You’re about to run into some “Catastrophic Love” courtesy of the industrial magic of Ghostatic. What once began as a hobby has now become a full-time job for Adamo Fiscella who, much like Trent Reznor, is really a business of one. Fiscella originally started experimenting with various sounds and music-making before becoming obsessed with what he was doing to the point that he wanted to create something more grandiose. The outcome is what you hear today; “Catastrophic Love” is just one sample of the sound and experience that Fiscella has invented with this brand new project.
The song is the follow-up release to the January-released “Violence,” with both songs maintaining the industrial-infused integrity that Fiscella is pursuing with Ghostatic. Despite his focus on the musical aspects of his presentation, Fiscella is also a worthy songwriter who can pen some intelligent and emotional lyrics. Commenting on the perspective he took in writing “Catastrophic Love,” Fiscella said, “‘Catastrophic Love’ expresses all the fun stuff that develops in an emotionally toxic relationship from the viewpoint of someone who is, himself, also emotionally toxic. Similar to what happens when two trains collide at top speed.”
The Cleveland-based Fiscella has aimed all of his greatest influences into the fabric of Ghostatic, looking to the aforementioned Trent Reznor and Nine Inch Nails, Nero, Skeler, and Deftones to fulfill his musical aspirations. It’s very much a vocally-driven affair heavy on aggression, along with a focus on modern production over a foundation of big synth bass, thick riffs and forceful electronic and traditional drumming. With sounds like this, it’s not hard to feel a lot of optimism when you experience the creativity that is Ghostatic.
As he prepares to release new music again soon, and to further define just where he wants to go with Ghostatic, we caught up with Fiscella to talk more about “Catastrophic Love,” the studio production side of the song, and his greater musical goals.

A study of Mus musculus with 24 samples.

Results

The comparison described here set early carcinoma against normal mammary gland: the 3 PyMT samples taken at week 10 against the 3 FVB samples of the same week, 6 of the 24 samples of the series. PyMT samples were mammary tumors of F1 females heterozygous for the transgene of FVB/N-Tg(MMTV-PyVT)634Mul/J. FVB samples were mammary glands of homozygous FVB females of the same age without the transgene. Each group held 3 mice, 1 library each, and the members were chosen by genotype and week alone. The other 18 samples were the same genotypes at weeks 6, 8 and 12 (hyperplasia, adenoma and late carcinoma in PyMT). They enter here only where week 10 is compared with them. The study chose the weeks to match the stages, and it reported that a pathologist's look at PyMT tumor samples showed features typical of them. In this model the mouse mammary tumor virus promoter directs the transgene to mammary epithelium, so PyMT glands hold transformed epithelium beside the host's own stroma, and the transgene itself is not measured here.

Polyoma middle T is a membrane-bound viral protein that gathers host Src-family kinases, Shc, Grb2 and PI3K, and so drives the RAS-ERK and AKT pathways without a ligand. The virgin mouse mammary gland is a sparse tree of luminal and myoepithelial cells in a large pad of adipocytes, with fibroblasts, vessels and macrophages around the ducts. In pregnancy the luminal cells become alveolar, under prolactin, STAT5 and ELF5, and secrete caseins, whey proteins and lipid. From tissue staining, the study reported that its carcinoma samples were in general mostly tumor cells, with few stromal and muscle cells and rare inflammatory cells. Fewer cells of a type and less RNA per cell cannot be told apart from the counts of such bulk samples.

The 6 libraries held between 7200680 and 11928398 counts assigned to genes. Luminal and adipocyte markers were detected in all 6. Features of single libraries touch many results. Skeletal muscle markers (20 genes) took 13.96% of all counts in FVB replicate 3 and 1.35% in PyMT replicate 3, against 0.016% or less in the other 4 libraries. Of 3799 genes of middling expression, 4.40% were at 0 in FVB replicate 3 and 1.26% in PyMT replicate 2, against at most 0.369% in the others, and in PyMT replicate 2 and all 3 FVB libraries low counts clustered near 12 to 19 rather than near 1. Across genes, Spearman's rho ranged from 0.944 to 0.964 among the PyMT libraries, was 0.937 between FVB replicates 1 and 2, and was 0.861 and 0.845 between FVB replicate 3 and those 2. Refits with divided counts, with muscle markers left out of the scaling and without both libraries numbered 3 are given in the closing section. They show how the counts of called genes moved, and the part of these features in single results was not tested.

Take us into the world of Ghostatic and your new single “Catastrophic Love.”
Adamo Fiscella: “Ghostatic is an ominous, all-encompassing presentation of sounds and experiences written, performed, and produced by, myself, Adamo Fiscella. This project has been in the works for quite some time. I’m stoked to finally bring it out of the darkness and into the light.”
Tell us where this song comes from thematically speaking.
“‘Catastrophic Love’ expresses just how extreme a toxic relationship can get. The music video takes it beyond that. Every relationship starts with ‘Hello.’ Some end happily ever after. Some end in a living nightmare. You never know.”
With a musician such as yourself, I’m sure the early versions of your songs may barely resemble the finished product. How much did this song change from its early workings to now?
“This one changed quite a bit. The melodies, instruments, percussion, all of it evolved dramatically as I got closer to the sonic space I was trying to achieve. The vocals usually take precedence in my songs. As well with this one. Lots of layering and texture.”
I imagine you had an early idea or vision for “Catastrophic Love.” When did you first start working on this song and start coming up with the skeleton structure of it?
“The song was conceived a while back i.e. lyrics, melody, and structure. I let it incubate for a year or so until the full vision came to life in my head. Then it was off to the races. A marathon, I should say.”
With an artist such as yourself, there’s no way we can just glance over studio production since it’s an integral part of how you create your music. What was the production process like for “Catastrophic Love” and was it a difficult song to get sounding just right?
“Yes. Production is the elephant in the room. It’s an elephant that antagonizes me to the point of madness, until I get it right. But I’m never satisfied. Da Vinci said it best. ‘Art is never finished.’ Only abandoned. I have upwards of 150 tracks running in some of my productions. At some point, you need to chill, seal it, and deliver it. I have too many producer/musician friends who have trouble finishing songs. I tell them the same thing. It’s not so easy telling myself that.”
As a more general question, what are your own personal visions for Ghostatic? Where do you hope to go with this solo project in the future?
“I’m sitting on an album worth of music in various stages of completion. I’m already working on translating them into a live performance. It’s not easy but not impossible. In fact, I like how these songs are sounding when performed live. They are more raw and intense with room for improvisation. I will be booking some low key shows around my hometown (Cleveland) to work the bugs out as soon as this virus subsides. I really miss playing live so I can’t wait!”